1. D Nuzum1,
  2. S Meaney2,
  3. K O’Donoghue1
  1. 1Anu Research Centre, Department of Obstetrics & Gynaecology, University College Cork, Cork, Ireland
  2. 2National Perinatal Epidemiology Centre, University College Cork, Cork, Ireland

Abstract

Objective Stillbirth remains amongst the most challenging areas in obstetric practise. In Ireland, consultant obstetricians are ultimately responsible for care provided to mothers following stillbirth. This study explores the impact of stillbirth on consultants working in an Irish tertiary maternity hospital (9,000 births per annum) where the stillbirth rate is 4.6/1000.

Study design Semi-structured qualitative interviews lasting 30–60 minutes were conducted in 2012 with a sample of 8 consultant obstetricians and gynaecologists. The study explored how consultants care for parents following stillbirth and the impact of stillbirth on them personally and professionally. The data were analysed using Interpretative Phenomenological Analysis.

Results Stillbirth was identified as one of the most difficult experiences for most consultants. Most consultants described it as amongst ‘the most devastating news’. Two felt stillbirth was not the worst outcome. The human response and the weight of responsibility were the dominant personal and professional themes. All felt that bereaved parents should receive direct care from a consultant. The possibility of a medico-legal challenge was a significant factor-mostly for those who are primarily gynaecologists resulting in the question “what have I missed?”. The personal impact of stillbirth is considerable: most participants were emotional during interview.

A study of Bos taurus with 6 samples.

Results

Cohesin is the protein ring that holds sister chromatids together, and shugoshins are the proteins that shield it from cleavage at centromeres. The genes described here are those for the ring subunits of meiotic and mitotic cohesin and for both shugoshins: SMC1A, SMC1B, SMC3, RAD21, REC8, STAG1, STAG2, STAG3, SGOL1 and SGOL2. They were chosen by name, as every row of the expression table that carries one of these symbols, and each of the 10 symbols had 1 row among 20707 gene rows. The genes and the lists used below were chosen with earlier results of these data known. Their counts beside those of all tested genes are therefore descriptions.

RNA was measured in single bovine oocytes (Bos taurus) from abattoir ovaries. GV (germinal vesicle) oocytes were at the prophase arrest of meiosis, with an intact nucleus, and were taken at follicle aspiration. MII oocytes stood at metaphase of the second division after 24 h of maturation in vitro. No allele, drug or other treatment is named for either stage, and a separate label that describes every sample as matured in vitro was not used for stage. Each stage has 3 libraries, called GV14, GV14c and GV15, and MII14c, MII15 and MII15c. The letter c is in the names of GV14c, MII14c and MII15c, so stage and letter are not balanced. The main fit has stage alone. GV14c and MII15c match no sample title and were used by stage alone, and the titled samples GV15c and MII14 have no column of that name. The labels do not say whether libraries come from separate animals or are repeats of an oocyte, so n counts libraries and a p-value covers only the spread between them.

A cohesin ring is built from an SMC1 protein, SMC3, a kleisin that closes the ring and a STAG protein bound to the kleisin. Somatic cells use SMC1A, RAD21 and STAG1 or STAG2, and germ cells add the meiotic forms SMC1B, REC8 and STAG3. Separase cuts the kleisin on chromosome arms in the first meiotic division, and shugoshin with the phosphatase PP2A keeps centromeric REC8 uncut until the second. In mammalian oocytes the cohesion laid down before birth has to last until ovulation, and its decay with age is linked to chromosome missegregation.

Conclusion Despite the impact and importance of stillbirth care, none of the obstetricians received any formal training in perinatal bereavement care. This study highlights a gap in training and the impact of stillbirth on obstetricians professionally and personally. Medico-legal concerns following stillbirth potentially impact on the depth of care and warrants further research.